Arts & Culture

Women Scientists Are the Rule Rather Than the Exception

Physics 14, 49
A new book shines a spotlight on the historical participation of women in science, showing that women scientists are not anomalies, even if textbooks paint them that way.
Frances Lincoln Publishing, an imprint of The Quarto Group
A new book by Anna Reser and Leila McNeill hopes to change the narrative that women are interlopers in science.

The science sections of bookstores are awash with biographies that recount the lives of past women scientists. These books typically highlight women from the same short list, which includes the physicists Marie Curie, Rosalind Franklin, and Jocelyn Bell Burnell.

While no one would dispute that these women made important contributions to science, focusing on the same few names over and over again reinforces the impression that science is—and always has been—an occupation for men with only the occasional women interlopers, says the writer and historian Leila McNeill. McNeill hopes her new book, which she coauthored with the writer and historian Anna Reser, will change that narrative by showing that women have always practiced science and in much larger numbers than most textbooks portray. “Recovering the place of women in science benefits from our informed assumption that they existed and that their scientific practices . . . were held in the same high regard as those of their male contemporaries,” McNeill and Reser write in the book.

Their book, Forces of Nature, The Women Who Changed Science, tracks the participation of women in science from the ancient Egyptian and Greek civilizations through to the modern day. The scientific contributions of women are interwoven with pertinent cultural and historical details that highlight the barriers that women have faced in conducting science, the creative ways they have found for overcoming those barriers, and the changes their efforts have sparked in society.

For example, Latin was still the scholarly language of choice in Europe until the late 1600s. That tradition denied access to the latest advances to those without an education—largely the poor and women, who in most places didn’t receive a formal education until relatively recently. Some women surmounted this obstacle through birth or marriage, learning from their fathers, husbands, and brothers. The astronomer Maria Cunitz did exactly that and went on to publish in 1650 her astronomical calculations of planet motions in German, initiating a switch to publishing in other tongues that widened entry to science.

History of Science Collections, University of Oklahoma Libraries/Sueroski/Wikimedia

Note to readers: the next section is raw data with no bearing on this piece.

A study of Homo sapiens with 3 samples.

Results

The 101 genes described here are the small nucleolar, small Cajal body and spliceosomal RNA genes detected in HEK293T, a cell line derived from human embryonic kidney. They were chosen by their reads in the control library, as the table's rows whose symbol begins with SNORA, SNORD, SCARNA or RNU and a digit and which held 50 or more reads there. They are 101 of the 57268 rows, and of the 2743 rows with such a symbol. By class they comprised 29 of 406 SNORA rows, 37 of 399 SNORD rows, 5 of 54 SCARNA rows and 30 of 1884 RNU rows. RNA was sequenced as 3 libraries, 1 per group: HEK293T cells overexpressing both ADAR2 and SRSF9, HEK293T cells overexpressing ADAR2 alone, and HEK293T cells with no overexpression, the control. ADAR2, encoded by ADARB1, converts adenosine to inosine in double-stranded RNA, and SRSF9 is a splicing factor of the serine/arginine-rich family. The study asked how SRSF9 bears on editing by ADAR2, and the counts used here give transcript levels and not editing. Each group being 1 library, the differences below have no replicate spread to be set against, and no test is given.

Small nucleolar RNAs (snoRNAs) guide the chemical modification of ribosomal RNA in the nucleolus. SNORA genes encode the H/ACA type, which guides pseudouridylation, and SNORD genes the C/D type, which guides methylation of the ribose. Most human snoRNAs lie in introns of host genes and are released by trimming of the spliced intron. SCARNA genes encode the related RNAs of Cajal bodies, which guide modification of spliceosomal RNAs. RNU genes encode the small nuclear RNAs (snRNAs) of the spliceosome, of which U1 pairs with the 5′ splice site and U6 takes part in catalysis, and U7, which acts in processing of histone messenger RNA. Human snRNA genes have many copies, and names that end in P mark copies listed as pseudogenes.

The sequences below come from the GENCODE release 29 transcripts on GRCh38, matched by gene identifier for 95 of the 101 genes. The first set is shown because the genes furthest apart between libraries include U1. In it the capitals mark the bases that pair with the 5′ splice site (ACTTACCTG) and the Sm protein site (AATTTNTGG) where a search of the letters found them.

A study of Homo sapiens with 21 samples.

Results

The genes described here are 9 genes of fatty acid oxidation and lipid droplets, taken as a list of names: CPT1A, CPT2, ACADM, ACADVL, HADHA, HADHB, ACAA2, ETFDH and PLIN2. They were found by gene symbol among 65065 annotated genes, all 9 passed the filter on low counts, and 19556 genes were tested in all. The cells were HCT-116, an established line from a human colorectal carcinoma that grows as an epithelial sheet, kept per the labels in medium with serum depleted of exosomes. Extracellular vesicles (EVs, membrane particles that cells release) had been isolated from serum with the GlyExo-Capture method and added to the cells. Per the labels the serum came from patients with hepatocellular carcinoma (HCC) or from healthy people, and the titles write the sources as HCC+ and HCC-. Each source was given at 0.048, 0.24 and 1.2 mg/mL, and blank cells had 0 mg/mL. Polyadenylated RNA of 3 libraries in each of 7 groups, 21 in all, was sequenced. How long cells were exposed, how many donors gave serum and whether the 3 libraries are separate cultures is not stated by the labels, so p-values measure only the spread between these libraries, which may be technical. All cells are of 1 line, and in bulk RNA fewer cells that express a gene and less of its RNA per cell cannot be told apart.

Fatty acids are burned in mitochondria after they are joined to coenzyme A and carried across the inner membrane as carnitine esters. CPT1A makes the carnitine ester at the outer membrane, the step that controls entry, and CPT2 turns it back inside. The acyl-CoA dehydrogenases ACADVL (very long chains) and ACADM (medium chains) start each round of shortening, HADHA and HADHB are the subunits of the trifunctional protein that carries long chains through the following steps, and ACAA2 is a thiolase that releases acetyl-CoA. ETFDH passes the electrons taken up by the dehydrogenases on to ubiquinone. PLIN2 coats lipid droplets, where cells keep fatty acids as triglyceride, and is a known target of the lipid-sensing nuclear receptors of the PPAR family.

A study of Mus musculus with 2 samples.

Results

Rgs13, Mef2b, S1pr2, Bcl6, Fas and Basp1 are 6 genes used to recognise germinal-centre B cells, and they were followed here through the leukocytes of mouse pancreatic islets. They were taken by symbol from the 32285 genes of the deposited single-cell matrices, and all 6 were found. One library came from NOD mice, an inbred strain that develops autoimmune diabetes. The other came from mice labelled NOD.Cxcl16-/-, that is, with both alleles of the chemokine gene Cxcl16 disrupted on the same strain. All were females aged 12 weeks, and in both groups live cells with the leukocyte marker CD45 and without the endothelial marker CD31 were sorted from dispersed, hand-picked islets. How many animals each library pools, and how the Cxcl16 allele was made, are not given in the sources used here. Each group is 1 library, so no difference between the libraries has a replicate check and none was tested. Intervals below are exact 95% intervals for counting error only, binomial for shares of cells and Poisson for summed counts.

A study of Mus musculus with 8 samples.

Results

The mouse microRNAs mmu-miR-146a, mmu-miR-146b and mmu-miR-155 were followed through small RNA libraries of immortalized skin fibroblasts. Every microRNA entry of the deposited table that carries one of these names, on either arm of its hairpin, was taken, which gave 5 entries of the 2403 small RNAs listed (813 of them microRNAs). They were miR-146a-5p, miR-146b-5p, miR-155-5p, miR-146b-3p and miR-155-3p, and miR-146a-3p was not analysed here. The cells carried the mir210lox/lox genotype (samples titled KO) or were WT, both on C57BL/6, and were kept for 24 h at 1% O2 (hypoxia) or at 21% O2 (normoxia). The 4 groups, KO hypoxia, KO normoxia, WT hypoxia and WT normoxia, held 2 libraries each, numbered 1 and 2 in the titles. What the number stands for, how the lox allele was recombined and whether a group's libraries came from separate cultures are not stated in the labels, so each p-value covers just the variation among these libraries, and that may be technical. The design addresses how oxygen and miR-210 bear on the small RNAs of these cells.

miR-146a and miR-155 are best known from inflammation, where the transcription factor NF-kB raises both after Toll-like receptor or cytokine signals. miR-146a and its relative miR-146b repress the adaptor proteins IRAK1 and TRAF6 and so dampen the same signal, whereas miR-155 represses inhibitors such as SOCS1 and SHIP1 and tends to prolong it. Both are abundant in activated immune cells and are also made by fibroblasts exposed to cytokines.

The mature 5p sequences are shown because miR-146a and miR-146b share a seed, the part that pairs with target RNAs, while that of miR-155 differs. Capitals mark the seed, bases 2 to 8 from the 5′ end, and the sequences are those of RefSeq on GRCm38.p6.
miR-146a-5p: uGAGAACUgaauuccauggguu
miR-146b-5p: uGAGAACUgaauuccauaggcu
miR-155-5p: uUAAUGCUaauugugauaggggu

Maria Cunitz’s book Urania Propitia was published in both Latin and German.

Gaining access to universities and laboratory tools has also been a barrier to women studying science, but that has sparked creativity in how they conducted science. McNeill and Reser document that many women performed experiments in their homes, such as the chemist Marie-Anne Paulze, who worked in a home lab alongside her husband, until he was killed in 1794. She then completed their experiments and published their results. (She chose to publish only under his name—women scientists typically didn’t put their names on their works at this time.)

And then there was Harriet Gillespie, a woman from New Jersey, who turned her whole house into a lab, testing out new technologies and methods for reducing motion in household chores. Her article, published in the US edition of the magazine Good Housekeeping in 1913, inspired countless women to engage in domestic engineering and science by optimizing the activities of the home. “By incorporating scientific ideas and practices into their everyday lives, many women participated in science on their own terms, creating space for themselves and others at the margins of science,” McNeill and Reser write.

I was fascinated with the historical and contextual journey, which is something commonly lacking in books or articles that focus on the “best” women scientists and their accomplishments. I also appreciated that McNeill and Reser have charted the contributions of “everyday” women scientists as well as the big shots. McNeill says that this framing was intentional. By focusing less on individual achievements and more on what was happening in the science community as a whole at a given point in history, “women scientists don’t look like anomalies,” she says. “Rather, they look like people who were working in science to the best of their abilities.”

The book is littered with beautiful images and has a coffee-table quality that has given it pride of place on my bookshelf. My only wish for this book is that I had encountered it much earlier in my life. Had the text been part of my curriculum as an undergraduate physics student, where sadly I learned only of the discoveries of men in my field, my view of women’s historical contributions to science would have been very different.

Nowadays, school curriculums make an effort to shine a light on women like Marie Curie and Vera Rubin, but men still dominate. A fuller picture would show that the contributions of men and women to science have been intertwined throughout the ages.

People are hungry to hear more diverse stories about both the history of science and the individuals involved in its everyday workings, McNeill says. It was time to “serve that up.” She adds, “when given the opportunities, resources, and support to succeed, and when their knowledge is valued, women have always had the power to shape science itself.”

Forces of Nature, The Women Who Changed Science will be available from booksellers on May 4, 2021. (The original date of April 20 was pushed back due to delays caused by the blockage in the Suez Canal.)

–Katherine Wright

Katherine Wright is the Deputy Editor of Physics Magazine.